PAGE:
Anthony Gallo has always been an iconoclastic loudspeaker designer and thus his speakers neither look nor sound like the majority of their competitors. Nowhere is this more apparent than in Gallo’s otherworldly Reference Strada 2 monitors (£1,500/pair) and their companion TR-3d subwoofer (£800). Veteran audiophiles might at first take this sat/sub system to be a mere “lifestyle” or “home theatre” product, but know this: beneath its stylish exterior the Reference Strada 2 package packs serious audiophile-calibre performance capabilities.
To come to grips with the Reference Strada 2, it is helpful to understand some of the engineering principles that inspired its unorthodox design. From the outset, Mr. Gallo has sought to produce speakers with high-rigidity, low-diffraction enclosure systems. With this end in view, Gallo’s “think-outside-the-box” solution has been to use semi-spherical enclosures made of spun stainless steel, with openings on one side for the drive units. Each Reference Strada 2 uses two such spherical enclosures housing wideband carbon-fibre mid-bass drivers, with the spheres attached at opposite ends of a die-cast metal backbone frame, flanking Gallo’s signature cylindrically shaped CDT3 tweeter. The whole assembly resembles a space age “barbell” of sorts, one finished in silver and black (though an all-black option is also available).
The assembly is astonishingly rigid and robust (try the time honoured knuckle-rap test and you’ll get, well, bruised knuckles for your troubles), whilst offering virtually no sharply creased edges to cause diffraction. In the interest of enhancing enclosure rigidity Gallo mounts his mid-bass drivers from within their spherical housings and then uses sturdy compression rods to press the drivers against the mouths of the enclosures. An advantage of Gallo’s approach is that not even the driver frames are visible from the outside, again helping to eliminate possible sources of diffraction.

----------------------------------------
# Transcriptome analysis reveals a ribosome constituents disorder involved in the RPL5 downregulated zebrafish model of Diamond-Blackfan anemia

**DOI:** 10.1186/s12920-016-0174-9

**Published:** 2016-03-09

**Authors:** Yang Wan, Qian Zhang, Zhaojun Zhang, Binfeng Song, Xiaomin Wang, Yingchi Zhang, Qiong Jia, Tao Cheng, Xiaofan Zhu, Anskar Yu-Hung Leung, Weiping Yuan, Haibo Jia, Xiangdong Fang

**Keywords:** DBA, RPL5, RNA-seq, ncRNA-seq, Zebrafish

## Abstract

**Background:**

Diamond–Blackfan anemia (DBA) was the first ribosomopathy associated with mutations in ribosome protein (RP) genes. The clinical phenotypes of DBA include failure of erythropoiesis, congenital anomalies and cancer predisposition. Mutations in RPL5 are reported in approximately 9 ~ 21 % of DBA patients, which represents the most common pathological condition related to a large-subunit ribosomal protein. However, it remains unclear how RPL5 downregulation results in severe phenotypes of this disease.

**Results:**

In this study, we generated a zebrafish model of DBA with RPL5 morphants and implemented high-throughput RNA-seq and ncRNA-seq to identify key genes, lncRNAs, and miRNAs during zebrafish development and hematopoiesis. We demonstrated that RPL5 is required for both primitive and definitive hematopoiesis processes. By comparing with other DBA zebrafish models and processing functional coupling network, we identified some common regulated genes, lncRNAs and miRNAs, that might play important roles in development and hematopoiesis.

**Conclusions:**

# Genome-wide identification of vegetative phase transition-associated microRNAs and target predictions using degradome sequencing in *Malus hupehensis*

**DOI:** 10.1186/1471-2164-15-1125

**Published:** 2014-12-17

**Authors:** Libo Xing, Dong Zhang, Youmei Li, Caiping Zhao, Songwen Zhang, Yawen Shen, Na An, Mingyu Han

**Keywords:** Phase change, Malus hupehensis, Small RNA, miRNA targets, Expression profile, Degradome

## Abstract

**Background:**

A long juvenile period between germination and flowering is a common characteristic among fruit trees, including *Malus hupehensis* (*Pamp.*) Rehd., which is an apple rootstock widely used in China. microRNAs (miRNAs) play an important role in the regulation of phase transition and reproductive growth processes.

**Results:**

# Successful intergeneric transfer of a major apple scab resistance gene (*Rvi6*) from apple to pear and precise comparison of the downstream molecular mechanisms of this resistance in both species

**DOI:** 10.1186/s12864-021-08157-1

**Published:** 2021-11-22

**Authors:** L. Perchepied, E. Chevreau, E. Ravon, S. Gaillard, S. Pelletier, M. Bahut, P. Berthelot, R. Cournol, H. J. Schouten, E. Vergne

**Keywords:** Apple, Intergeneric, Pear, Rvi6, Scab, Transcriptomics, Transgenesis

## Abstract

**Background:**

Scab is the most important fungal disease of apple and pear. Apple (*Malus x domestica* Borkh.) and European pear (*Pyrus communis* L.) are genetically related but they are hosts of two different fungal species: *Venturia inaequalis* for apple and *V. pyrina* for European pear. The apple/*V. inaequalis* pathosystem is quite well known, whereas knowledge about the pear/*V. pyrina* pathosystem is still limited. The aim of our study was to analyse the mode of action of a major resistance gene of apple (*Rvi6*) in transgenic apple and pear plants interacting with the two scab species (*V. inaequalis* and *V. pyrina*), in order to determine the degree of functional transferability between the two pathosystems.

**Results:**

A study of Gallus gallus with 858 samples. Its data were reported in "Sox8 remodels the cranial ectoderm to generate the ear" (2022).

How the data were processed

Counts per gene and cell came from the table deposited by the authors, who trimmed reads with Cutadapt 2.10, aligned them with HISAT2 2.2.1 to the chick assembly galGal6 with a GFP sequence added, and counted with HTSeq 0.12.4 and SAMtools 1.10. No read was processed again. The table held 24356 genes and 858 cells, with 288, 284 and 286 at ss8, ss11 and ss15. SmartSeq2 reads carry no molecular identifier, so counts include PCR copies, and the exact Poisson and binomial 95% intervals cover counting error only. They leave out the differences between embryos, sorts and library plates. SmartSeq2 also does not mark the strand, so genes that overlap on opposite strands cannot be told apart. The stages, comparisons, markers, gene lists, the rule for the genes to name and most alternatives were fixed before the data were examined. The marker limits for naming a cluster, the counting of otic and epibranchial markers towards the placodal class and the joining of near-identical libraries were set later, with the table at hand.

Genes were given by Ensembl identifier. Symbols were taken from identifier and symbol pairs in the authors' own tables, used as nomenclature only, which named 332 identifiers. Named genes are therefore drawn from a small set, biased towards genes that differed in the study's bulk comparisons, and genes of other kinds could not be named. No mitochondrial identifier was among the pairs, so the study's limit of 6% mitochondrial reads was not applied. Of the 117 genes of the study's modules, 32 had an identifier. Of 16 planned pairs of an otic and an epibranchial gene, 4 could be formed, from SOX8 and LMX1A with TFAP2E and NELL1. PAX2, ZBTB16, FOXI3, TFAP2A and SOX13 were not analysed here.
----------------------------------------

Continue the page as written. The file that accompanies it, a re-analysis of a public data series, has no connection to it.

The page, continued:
A thorough discussion of Gallo’s CDT (cylindrical diaphragm tweeter) driver could fill an entire white paper, so a brief description must suffice. In simple terms, the CDT is a semi-cylindrical tweeter whose diaphragm is made of a film-like piezoelectric material called Kynar. As audio signals flow back and forth, the thin-film material expands and contracts, generating nearly textbook-perfect semi-cylindrical wave fronts offering an extraordinary 180 degrees of horizontal dispersion with 120 degrees of vertical dispersion. Because the Kynar film is low in mass and does not need to travel far in order to produce adequate output, transient speed is excellent whilst distortion is low. One further benefit is that the Kynar diaphragm acts a high-pass filter, meaning that the tweeter literally serves as its own crossover network (though a transformer is used to match the tweeter’s output level with that of the mid-bass drivers).